Cannabis is to be removed from the global register of dangerous drugs in a move which could help millions of people.



For nearly 60 years the United Nations has designated cannabis as dangerous, consequently limiting research into its potential benefits. However the World Health Organisation – the United Nations public health agency based in Geneva – has requested this designation be dropped and its medical benefits recognised.

In November last year, the WHO Expert Committee on Drug Dependence recommended cannabis resin and other products be downgraded from a schedule IV to a schedule I drug under international law.

Schedule IV is the strictest category outlined in the 1961 Single Convention on the Narcotic Drugs Treaty, meaning cannabis is currently treated in the same way as heroin, severely restricting scientists who want to investigate the plant in the search for potential therapies.

The committee also recommended that THC – the main psychoactive ingredient in cannabis – should be designated as a schedule I drug and that cannabis with less than than 0.2 percent THC – effectively the cannabinoid CBD – should be removed from all international drug control conventions.

The WHO says that it has not reviewed cannabis since it was scheduled in 1961 because there was not sufficient scientific research into the health effects of the drug. However, the organisation said that in recent years this situation had changed as attitudes toward the drug shifted.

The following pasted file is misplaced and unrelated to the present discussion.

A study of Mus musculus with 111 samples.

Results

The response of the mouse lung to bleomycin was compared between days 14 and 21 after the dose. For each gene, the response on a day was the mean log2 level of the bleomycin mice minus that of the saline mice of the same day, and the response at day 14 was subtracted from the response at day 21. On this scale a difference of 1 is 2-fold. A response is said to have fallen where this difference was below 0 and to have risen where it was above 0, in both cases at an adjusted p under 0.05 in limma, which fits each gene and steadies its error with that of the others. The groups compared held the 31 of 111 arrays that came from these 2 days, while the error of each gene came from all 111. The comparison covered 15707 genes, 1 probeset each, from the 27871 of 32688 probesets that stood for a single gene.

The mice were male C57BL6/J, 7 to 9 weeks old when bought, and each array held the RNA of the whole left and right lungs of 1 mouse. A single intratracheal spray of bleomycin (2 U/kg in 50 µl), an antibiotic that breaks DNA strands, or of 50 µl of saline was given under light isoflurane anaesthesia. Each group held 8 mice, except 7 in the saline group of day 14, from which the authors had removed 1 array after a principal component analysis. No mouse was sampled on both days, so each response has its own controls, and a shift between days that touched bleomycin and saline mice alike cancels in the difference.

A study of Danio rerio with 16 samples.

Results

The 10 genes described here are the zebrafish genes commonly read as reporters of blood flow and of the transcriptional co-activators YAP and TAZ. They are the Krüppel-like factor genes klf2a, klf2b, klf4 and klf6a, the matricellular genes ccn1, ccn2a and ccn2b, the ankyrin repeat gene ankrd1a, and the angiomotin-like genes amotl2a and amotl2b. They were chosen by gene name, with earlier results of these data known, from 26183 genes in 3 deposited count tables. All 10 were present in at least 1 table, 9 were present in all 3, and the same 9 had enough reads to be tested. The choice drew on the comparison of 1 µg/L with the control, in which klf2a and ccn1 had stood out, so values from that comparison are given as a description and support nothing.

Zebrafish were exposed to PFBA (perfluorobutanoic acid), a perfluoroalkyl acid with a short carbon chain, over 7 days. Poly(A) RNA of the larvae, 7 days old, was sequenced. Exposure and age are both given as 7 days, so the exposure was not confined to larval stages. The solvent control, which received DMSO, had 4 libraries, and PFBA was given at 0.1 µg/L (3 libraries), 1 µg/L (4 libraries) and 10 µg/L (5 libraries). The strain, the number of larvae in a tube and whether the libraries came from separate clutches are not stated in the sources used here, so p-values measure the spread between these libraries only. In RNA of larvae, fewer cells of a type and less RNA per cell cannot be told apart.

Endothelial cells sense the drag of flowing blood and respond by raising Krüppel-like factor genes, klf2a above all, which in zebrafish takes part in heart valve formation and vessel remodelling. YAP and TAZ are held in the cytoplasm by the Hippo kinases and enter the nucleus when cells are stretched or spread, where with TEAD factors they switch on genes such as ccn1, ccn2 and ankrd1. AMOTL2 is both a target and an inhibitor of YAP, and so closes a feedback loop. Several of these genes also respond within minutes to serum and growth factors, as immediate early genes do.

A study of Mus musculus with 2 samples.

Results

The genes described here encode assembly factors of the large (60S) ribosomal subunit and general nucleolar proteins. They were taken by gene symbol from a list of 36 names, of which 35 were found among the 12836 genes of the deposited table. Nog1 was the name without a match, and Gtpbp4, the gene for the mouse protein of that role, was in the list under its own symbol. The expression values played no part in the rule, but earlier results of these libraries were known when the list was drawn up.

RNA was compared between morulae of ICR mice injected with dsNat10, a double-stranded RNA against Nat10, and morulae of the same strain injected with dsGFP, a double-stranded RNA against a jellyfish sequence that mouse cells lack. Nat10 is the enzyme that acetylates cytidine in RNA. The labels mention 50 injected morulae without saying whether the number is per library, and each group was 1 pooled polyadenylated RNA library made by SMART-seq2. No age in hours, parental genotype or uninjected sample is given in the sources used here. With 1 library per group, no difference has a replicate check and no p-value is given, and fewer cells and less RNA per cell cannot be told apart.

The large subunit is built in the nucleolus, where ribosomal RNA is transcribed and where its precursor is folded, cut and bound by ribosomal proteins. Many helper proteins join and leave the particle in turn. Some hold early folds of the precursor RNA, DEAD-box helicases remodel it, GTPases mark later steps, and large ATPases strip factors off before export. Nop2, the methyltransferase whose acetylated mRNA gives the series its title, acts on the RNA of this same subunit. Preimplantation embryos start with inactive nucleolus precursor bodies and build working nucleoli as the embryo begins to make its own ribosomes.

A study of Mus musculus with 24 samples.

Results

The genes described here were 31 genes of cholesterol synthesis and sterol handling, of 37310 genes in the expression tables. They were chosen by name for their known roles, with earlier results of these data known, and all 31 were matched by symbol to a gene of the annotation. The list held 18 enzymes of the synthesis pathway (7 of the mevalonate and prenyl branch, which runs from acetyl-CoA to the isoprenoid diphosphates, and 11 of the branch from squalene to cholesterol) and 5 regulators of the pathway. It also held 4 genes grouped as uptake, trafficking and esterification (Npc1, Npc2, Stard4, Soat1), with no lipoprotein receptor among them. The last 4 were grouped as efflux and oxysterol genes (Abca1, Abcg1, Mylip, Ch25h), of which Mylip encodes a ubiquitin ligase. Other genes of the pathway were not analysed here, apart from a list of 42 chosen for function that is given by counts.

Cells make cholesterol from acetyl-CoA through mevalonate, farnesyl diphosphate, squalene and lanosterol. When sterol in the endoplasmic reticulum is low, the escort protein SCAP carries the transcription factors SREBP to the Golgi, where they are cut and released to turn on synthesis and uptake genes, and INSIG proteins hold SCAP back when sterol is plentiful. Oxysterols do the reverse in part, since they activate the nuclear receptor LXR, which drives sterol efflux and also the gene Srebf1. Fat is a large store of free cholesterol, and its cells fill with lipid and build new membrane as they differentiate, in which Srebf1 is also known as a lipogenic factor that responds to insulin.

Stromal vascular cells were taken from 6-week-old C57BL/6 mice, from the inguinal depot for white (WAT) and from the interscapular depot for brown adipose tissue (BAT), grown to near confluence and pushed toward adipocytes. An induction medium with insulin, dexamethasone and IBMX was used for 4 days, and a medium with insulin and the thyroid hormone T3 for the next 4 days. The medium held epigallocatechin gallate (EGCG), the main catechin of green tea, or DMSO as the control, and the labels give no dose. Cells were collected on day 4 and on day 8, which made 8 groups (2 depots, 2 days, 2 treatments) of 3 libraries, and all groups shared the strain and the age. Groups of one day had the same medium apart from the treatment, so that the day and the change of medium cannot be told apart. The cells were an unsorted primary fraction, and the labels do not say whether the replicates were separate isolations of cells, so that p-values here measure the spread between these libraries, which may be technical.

The move has been described as a ‘major breakthrough in international cannabis policy, and a clear victory of evidence over politics’. Many countries rely on the Treaty’s schedules and other international bodies such as the INCB (International Narcotics Control Board) will now provide guidance to countries based on this new position.

Approving WHO’s recommendations will serve as a recognition by the UN of the cannabis’ therapeutic properties, said Ethan Russo, MD, a neurologist and director of research and development of the International Cannabis and Cannabinoids Institute.

“Governments have an obligation to translate provision of the treaties in their national legislation so this definitely will have an impact and all countries will have to modify the position on THC in their legislation.

“It is gratifying that the World Health Organisation has recognised the scientific fact that cannabis and its derivatives have demonstrable therapeutic properties and can be the base for safe and effective medicines,” he said.

The new scheduling was set to be approved by UN Commission on Narcotic Drugs in March this year but this has been delayed.